As a writer of children’s books who does a lot of school visits, (and as a parent), it has been my privilege to meet many truly amazing teachers.
Teaching has got to be one of the hardest and most important jobs there is.
Anyone who has children knows that, wonderful as they are, they can be trying at times even when they’re your own, and even when you don’t have a group of 25 or 30 to manage… (unless you’re the Duggars :)) Teaching requires intelligence, understanding, kindness, a sense of humor, and patience in spades.
To teachers we entrust the job of guiding our young ones, helping us help them become good people who will be ready and able to take on the responsibilities required of them when they become the adults of tomorrow.
What could be more important?
And yet teachers are so often underpaid and under-appreciated.
So please forgive me if I now wax a little prideful 🙂
I know a little about this first hand. My husband (in addition to being the best of husbands and fathers, a talented singer/songwriter/musician, an avid runner, a gifted stand-up comic, and so much more) is a career teacher. He’s an amazing guy – one of those people who could teach anything to anyone. Not only is he incredibly articulate, he also has great instincts and an innate understanding of how best to reach people (kids and adults alike) and how to make the subject or material most accessible to them.
He has taught dyslexic children the joy of doing something they thought they couldn’t. He has taught medieval history, extra english (language skills for those who need extra help in reading and writing), and geography, and led an 8th grade homeroom for years. He has taught phys ed to grades K-9, and he started and continues to run his schools’ cross-country, winter running, and track teams, in the process bestowing upon his students self-confidence, an appreciation for physical exercise and the outdoors, and a lifetime skill.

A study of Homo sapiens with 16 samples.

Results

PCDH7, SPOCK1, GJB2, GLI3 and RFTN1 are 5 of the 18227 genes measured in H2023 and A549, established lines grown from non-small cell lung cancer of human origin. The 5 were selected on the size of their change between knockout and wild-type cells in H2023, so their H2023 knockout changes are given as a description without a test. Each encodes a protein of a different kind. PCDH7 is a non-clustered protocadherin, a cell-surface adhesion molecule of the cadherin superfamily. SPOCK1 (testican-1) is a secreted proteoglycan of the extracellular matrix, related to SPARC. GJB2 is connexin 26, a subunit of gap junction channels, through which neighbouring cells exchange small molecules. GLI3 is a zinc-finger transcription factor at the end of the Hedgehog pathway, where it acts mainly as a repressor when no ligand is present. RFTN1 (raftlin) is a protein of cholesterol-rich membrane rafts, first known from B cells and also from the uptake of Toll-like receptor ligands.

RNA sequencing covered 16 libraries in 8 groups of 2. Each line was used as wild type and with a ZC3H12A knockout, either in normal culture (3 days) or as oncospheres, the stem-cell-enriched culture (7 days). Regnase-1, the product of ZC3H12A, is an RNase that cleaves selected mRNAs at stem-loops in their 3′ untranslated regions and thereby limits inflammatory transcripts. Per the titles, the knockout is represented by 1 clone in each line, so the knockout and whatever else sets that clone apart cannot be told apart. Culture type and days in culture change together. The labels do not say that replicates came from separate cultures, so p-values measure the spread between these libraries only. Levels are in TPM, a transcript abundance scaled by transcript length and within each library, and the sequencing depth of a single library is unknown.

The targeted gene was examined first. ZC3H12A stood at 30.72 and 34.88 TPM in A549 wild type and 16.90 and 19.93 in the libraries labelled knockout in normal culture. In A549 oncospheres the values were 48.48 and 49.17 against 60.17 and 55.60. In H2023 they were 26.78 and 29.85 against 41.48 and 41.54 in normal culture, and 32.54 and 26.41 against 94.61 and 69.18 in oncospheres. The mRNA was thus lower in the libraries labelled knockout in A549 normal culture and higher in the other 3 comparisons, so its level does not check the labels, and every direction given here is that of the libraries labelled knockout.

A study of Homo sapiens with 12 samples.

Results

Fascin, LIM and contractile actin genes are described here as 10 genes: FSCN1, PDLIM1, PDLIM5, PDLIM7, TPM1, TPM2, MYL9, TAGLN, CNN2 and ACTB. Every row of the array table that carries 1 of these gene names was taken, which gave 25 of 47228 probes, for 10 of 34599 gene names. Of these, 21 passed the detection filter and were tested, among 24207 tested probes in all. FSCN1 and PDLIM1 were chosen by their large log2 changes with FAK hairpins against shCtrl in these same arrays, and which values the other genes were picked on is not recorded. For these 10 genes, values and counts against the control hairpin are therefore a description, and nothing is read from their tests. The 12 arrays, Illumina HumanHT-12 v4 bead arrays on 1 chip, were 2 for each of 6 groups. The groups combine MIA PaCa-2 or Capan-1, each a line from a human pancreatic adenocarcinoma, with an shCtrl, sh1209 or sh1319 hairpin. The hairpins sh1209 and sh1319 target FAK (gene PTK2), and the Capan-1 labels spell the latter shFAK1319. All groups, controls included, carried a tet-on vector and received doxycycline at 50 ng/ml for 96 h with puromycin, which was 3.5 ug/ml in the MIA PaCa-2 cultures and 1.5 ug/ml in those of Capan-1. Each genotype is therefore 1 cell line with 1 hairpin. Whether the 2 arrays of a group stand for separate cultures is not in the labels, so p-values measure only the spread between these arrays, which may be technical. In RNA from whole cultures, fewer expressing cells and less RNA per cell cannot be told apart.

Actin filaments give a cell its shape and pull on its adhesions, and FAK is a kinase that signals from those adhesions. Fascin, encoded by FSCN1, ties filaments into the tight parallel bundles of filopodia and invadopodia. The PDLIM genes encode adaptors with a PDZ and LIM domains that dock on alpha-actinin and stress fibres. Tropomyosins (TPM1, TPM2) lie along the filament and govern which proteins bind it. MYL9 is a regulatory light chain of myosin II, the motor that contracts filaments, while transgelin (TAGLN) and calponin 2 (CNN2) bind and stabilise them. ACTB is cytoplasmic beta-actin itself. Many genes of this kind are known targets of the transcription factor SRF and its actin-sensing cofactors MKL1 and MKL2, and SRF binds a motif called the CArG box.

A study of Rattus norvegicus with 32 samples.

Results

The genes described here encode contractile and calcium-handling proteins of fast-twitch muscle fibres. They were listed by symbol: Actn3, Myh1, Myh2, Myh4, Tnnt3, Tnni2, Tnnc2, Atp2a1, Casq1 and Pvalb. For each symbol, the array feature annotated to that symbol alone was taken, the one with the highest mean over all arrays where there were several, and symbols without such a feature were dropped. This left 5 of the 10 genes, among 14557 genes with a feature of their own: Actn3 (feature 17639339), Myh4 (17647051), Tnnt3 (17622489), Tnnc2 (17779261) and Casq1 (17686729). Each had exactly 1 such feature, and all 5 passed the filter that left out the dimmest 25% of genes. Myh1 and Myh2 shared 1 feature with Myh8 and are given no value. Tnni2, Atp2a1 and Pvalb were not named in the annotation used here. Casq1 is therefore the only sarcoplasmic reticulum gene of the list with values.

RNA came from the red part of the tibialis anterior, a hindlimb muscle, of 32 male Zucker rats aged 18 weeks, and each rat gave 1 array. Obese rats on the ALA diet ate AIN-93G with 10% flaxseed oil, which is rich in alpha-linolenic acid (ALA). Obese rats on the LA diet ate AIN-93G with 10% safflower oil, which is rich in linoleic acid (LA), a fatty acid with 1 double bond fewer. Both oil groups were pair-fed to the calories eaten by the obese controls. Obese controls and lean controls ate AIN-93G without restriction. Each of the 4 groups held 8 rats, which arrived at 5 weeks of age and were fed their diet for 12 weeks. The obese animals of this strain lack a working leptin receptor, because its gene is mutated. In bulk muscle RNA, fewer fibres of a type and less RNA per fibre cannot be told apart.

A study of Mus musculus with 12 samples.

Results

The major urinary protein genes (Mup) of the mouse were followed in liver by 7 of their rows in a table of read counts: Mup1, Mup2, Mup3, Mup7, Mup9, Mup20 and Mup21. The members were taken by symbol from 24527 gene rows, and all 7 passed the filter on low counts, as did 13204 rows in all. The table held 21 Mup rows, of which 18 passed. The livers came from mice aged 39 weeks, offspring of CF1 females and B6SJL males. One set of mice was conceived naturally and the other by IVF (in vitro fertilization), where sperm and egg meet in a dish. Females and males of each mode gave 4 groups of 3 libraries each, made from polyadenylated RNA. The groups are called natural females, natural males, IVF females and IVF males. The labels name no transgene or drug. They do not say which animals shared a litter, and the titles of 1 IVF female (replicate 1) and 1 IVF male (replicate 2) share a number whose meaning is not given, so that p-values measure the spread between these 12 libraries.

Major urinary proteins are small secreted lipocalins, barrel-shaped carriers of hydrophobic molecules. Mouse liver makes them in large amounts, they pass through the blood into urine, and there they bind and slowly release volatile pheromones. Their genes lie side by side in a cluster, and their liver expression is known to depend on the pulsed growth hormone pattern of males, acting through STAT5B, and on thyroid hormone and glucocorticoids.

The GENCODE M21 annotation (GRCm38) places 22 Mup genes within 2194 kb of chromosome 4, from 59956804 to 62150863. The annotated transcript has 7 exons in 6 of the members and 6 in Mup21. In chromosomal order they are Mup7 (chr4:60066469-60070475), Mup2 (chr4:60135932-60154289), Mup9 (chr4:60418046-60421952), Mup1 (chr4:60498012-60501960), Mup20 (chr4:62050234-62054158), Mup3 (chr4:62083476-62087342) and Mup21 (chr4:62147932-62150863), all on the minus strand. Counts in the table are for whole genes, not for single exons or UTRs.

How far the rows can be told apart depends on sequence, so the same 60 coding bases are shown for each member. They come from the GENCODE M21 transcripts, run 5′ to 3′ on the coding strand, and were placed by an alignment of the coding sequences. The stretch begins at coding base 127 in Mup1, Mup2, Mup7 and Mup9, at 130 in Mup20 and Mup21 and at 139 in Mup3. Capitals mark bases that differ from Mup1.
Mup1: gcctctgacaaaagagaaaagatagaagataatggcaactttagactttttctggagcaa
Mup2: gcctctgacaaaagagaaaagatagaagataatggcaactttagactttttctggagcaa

In spite of how many children he’s taught and helped over the last 20 plus years, he often feels like he has little to show for himself, that he hasn’t really done anything important. I can remind him time and again of the lives he’s touched and changed for the better, the children who wouldn’t be where they are today without him, but sometimes those kinds of sentiments carry more weight when they come directly from the people involved.
So it is with great pleasure that I tell you what happened yesterday.
He came home from work, and with wonder (and gratitude) in his voice, told me that his school yearbook had, this year, been dedicated to him.
Really and truly.
What an honor!
(And he’s not even retiring, so it’s not like the kids felt like they had to dedicate to him. It was purely based on their love and appreciation :))
It may seem a small thing, but it means so much to him. And I feel so proud of him, and so pleased for him, because he richly deserves that recognition.
|(he’s the one on the far right)|
With the school year drawing to a close, I hope we can all take a moment to consider our children’s teachers and perhaps tell them through a quick word or a little thank you note how much we appreciate all they do for our children.
After all, where would we be without them?
If you have any wonderful teacher stories, please share!